A statewide citizens group formed last year to demand stronger state environmental protection efforts to combat coal ash pollution is decrying the new state rankings attached to the state’s coal ash ponds and the closed door meeting between Gov. McCrory and Duke energy officials that came to light this week. Here are some excerpts from a press release that the group distributed yesterday:
“The Alliance of Carolinians Together (ACT) Against Coal Ash formed in July as a way for residents from across the state to connect in solidarity in their demands for an end to the coal ash crisis. Members were appalled and confused last week when DEQ downgraded coal ash sites that as recently as December the agency’s staff had ranked as high priority. The proposed low or low-intermediate status means the sites could potentially be capped in place and left indefinitely to leak toxins into neighboring groundwater supplies.
‘It’s an established fact that all sites are leaking, so of course they should be listed as high priority,’ says Deborah Graham, who lives near the Buck plant in Salisbury. ‘We know more than we ever wanted to know about the damage this toxic waste causes to our environment and health each and every day it continues to sit there.’
‘DEQ changing our priority from high to low-intermediate is just wrong,’ says Debra Baker, who lives within 100 feet of the G.G. Allen plant in Belmont. ‘DEQ says they did not have enough information from Duke Energy, but they have had several months. Now, we are still living on bottled water, waiting for this mess to be cleaned up.’
To urgently address the realities of coal ash pollution, ACT Against Coal Ash released its Unifying Principles so that state decision makers, Duke Energy, and the public can better understand the needs and demands of residents most harmed — now or in the future — by Duke’s coal ash pollution.
And here are some statements made by ACT Against Coal Ash members in response to yesterday’s WRAL.com story that Gov. McCrory met with Duke Energy officials in a private, closed door meeting last June:
From Debra Baker, whose husband died from environmentally related lung disease several years after moving into their home next to G.G. Allen, which has been illegally polluting the air for decades:”I’ve tried calling and emailing Governor McCrory. I’ve sent him photographs of my house full of bottled water. And all I’ve gotten is his automatic email response. He’s never called, sent a letter, nothing. I’m mad that he’s having backroom meetings with Duke Energy but won’t talk to us. It seems like he thinks my husband’s life doesn’t matter. My husband was only 43 years old when he passed. Now, I’m a widow with a 19 year old son. They think this problem is just going to go away, but it’s not. It’s our lives. They need to talk to us.”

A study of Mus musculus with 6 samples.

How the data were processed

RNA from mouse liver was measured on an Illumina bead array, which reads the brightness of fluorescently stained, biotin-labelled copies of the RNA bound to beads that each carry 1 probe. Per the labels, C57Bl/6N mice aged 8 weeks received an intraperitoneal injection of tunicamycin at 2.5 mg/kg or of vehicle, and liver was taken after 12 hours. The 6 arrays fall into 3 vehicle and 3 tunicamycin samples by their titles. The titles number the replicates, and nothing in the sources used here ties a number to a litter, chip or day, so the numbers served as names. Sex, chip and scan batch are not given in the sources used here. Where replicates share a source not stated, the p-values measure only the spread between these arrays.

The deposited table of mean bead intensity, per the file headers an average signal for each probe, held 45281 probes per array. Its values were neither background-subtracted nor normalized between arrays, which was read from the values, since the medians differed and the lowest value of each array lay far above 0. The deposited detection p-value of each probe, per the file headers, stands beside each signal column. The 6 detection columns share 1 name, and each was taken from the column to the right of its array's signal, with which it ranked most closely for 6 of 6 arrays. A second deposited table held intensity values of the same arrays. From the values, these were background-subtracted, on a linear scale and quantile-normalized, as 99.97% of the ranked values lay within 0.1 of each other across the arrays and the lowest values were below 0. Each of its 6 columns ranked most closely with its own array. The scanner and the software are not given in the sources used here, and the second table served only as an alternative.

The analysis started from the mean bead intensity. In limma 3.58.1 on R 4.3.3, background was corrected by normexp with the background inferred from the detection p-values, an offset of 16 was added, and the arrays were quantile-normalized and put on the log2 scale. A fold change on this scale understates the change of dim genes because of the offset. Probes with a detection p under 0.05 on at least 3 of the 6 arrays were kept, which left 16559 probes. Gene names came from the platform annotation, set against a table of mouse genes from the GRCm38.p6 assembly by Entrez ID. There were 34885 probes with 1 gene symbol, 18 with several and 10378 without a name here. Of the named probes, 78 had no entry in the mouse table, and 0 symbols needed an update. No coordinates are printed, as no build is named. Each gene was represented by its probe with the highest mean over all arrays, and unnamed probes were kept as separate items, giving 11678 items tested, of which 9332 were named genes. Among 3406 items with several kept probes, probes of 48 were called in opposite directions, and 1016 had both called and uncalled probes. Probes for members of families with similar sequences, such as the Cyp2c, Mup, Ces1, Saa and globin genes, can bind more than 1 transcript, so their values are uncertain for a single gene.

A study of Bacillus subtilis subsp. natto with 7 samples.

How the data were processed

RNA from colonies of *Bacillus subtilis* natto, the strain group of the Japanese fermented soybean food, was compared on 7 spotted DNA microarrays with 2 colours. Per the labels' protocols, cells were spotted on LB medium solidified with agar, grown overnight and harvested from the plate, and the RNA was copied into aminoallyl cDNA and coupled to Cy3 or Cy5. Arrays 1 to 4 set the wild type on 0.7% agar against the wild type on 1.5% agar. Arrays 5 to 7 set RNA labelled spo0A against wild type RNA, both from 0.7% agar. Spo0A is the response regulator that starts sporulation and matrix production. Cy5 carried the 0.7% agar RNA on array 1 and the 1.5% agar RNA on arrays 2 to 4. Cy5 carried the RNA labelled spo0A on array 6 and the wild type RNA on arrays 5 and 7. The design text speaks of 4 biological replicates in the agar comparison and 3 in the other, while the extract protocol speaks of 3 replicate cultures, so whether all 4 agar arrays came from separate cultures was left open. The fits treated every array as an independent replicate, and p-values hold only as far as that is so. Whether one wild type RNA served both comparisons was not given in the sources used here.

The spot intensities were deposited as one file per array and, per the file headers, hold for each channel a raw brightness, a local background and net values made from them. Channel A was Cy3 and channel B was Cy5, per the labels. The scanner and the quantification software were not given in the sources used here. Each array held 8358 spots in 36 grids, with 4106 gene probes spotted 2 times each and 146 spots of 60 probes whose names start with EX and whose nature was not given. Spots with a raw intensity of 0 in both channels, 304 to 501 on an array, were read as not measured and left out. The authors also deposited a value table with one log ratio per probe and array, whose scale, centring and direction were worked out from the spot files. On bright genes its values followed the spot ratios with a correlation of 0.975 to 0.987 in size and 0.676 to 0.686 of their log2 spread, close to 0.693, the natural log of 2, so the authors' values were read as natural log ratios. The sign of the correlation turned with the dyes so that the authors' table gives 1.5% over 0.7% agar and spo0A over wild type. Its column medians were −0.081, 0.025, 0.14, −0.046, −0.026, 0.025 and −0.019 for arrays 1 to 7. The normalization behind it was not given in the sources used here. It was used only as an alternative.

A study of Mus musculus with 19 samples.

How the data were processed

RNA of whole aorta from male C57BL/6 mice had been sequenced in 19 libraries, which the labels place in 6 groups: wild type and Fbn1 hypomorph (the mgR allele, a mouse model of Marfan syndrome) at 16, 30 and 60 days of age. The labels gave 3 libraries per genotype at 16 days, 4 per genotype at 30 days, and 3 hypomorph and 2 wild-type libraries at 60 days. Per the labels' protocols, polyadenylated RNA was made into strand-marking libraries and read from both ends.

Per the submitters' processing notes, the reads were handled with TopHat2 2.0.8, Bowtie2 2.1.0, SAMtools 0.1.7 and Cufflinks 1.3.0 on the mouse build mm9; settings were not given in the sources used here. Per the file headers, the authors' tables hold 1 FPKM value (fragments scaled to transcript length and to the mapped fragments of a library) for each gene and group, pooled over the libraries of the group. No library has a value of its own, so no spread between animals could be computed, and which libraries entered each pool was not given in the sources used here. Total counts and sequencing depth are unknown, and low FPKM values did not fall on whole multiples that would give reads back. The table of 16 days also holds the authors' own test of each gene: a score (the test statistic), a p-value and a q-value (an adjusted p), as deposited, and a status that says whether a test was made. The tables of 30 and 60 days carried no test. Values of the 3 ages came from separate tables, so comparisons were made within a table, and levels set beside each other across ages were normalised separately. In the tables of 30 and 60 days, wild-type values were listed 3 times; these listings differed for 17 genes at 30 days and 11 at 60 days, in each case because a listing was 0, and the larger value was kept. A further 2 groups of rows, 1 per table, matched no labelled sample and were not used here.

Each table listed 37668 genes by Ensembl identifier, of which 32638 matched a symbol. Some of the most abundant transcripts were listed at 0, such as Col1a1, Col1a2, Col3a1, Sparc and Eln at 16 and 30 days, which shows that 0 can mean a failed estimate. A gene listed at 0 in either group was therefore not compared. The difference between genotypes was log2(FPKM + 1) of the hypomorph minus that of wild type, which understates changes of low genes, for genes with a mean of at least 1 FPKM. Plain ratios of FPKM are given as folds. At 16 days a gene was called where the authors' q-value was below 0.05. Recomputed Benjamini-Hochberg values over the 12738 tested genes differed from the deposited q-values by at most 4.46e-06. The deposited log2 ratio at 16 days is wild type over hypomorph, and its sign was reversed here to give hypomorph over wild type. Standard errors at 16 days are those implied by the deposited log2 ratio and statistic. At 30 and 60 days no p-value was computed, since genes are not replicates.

From Caroline Armijo, grew up near the Belews Creek power plant and has been actively engaging in coal ash work for a decade: “We can all name multiple individuals who have suffered from devastating illnesses, which have baffled doctors and too often proved fatal. Our communities are now rising up together to demand a better way. Duke Energy and DEQ have to take the initiative to actually pursue a long-term solution and work with and for our communities, instead of making backroom decisions that are blatantly fraudulent and corrupt.”
From Debbie Hall, who lives near the proposed coal ash dump in Lee County and is a member of EnvironmentaLEE: “The decision by DEQ to allow Duke Energy to dump millions of tons of coal ash on Lee and Chatham Counties coming mere days after that meeting is telling. Its appalling, and shows exactly where Governor McCrory’s priorities are. Neither DEQ Secretary van der Vaart nor the Governor have made the communities impacted by Duke Energy’s coal ash a priority.”
The bottom line: The state’s coal ash problem remains a huge and growing issue for the McCrory administration — from a policy, political (and maybe even legal) perspective. And from the looks of things, it’s going to become an even higher profile issue before it does away. The Governor would do well to tackle the problem honestly and aggressively lest he find himself buried by it in the months and years ahead.